An Irish man has been sentenced to 14 months in prison and two years of supervised release in the United States on wildlife smuggling charges.
Richard Sheridan (50), listed as having an address in Cambridge, England, pleaded guilty at a court in Miami to smuggling a valuable rhinoceros horn.
He was sentenced by US District Judge Jose E Martinez at a hearing on Tuesday.
The accused was arraigned in Miami in 2014 on the charges. A second Irish national, Michael Hegarty, was also indicted at that time with conspiracy to traffic in a cup made from the horn of protected rhinoceros.
Hegarty was sentenced in federal court in Miami to 18 months in prison plus three years of supervised release on smuggling charges.
According to the original indictment, Sheridan and Hegarty bought the cup from an auction house in Rockingham, North Carolina and then smuggled the cup out of the United States.
Interpol was involved in the arrests of the two men.
"Sheridan conspired to profit from the demise of one of the world's most endangered species," said Assistant Attorney General Jeffrey Bossert Clark of the Justice Department's Environment and Natural Resources Division on Tuesday.
“We will continue to work with our international partners to fight the trade in protected and endangered species, and organised criminal enterprises associated with it.”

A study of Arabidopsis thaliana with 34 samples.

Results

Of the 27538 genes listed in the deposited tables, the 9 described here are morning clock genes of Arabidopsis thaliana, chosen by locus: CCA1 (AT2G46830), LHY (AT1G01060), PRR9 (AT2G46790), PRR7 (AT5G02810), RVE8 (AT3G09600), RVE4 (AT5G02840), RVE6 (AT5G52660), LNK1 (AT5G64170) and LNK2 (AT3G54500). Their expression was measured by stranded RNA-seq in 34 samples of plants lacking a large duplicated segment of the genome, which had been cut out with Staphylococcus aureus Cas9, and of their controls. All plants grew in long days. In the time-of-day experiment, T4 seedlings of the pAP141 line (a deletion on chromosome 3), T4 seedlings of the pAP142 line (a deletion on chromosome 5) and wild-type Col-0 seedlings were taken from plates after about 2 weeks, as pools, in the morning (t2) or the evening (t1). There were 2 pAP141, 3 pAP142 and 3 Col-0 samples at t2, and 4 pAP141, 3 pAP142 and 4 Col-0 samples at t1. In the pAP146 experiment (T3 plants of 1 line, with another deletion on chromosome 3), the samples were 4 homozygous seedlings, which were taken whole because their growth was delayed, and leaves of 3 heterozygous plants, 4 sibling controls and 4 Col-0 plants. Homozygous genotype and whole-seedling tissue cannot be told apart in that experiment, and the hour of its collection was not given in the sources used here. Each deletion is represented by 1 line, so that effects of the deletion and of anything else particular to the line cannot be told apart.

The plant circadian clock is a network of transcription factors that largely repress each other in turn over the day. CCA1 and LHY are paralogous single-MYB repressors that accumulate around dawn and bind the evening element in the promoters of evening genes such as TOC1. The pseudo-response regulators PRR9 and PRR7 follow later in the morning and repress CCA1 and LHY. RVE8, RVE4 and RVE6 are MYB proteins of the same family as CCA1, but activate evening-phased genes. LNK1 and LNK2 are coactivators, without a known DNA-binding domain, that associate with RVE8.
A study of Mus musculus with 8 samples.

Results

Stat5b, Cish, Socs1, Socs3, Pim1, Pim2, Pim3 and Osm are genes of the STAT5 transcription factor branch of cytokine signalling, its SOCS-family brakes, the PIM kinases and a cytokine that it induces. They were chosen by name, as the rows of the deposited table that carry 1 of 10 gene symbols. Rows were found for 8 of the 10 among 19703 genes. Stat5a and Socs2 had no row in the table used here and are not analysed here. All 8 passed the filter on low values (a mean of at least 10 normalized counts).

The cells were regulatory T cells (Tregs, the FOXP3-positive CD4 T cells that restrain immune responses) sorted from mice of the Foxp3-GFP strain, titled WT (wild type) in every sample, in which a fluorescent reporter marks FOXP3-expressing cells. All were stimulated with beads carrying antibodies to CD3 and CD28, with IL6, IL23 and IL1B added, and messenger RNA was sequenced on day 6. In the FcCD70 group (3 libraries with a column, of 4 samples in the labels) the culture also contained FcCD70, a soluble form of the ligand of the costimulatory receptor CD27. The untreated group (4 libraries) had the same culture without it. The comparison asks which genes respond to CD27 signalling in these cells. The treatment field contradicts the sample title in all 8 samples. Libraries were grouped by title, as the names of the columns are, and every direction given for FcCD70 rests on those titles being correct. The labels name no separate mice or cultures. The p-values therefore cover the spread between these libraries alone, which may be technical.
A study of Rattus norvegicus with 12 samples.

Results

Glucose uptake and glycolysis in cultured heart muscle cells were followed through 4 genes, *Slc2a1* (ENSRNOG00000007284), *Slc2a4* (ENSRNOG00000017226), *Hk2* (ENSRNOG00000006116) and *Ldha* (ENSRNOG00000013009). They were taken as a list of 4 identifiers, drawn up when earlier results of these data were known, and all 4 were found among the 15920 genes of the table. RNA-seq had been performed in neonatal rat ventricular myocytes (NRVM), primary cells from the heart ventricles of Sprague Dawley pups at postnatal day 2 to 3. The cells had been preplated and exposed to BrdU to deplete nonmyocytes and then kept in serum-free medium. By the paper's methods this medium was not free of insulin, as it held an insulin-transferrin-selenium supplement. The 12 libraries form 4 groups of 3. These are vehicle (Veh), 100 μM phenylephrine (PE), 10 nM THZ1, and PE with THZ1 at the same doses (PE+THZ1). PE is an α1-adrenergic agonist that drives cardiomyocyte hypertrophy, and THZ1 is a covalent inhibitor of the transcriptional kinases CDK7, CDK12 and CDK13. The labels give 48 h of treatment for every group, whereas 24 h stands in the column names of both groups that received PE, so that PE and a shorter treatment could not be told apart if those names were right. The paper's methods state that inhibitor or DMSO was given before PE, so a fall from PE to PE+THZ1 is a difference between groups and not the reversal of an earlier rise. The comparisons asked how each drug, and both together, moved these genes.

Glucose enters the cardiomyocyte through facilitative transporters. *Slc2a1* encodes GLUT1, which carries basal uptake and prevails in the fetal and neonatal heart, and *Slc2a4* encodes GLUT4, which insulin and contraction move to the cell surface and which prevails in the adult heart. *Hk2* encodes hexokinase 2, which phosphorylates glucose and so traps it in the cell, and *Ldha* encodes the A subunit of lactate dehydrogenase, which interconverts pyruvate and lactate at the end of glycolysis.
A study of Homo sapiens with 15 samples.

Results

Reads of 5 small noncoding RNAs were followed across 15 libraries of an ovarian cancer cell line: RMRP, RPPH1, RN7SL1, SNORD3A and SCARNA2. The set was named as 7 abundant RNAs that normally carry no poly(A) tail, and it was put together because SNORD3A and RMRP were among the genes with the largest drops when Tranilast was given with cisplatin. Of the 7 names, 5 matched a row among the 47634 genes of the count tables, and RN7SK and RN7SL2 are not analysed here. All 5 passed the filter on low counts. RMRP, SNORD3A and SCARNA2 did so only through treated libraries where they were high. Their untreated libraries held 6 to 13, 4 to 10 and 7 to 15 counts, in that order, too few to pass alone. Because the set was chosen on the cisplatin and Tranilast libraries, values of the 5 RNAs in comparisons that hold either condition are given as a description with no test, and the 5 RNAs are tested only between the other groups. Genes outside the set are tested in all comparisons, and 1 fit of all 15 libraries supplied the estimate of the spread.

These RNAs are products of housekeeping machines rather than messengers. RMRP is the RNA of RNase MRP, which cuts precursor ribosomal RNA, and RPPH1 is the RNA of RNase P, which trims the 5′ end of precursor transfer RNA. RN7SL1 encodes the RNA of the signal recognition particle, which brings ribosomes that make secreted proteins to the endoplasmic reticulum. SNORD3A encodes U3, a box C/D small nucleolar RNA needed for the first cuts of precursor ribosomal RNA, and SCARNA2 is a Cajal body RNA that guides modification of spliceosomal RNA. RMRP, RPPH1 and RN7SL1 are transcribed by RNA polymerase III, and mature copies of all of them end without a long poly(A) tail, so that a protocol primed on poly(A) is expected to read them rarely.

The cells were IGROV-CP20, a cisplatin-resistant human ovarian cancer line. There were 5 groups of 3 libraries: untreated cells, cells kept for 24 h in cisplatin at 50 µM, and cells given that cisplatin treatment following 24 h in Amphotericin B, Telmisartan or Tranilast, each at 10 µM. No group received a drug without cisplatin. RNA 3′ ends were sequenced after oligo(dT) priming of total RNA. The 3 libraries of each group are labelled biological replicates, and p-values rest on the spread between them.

US authorities have been clamping down on smugglers who seek to profit from the huge price tags attached to endangered species such as rhinoceros in recent years. A number of Irish nationals have been charged in connection with trafficking offences.
In August this year, a 30-year-old Irish man appeared before the High Court in Dublin on foot of an extradition request by US authorities. He was wanted on charges of wildlife trafficking, including in the horns of endangered rhinoceroses. John Slattery, otherwise known as John Flynn, from Old Barrack View, Fairhill, Rathkeale, Co Limerick, is accused of committing three offences in the US relating to wildlife trafficking.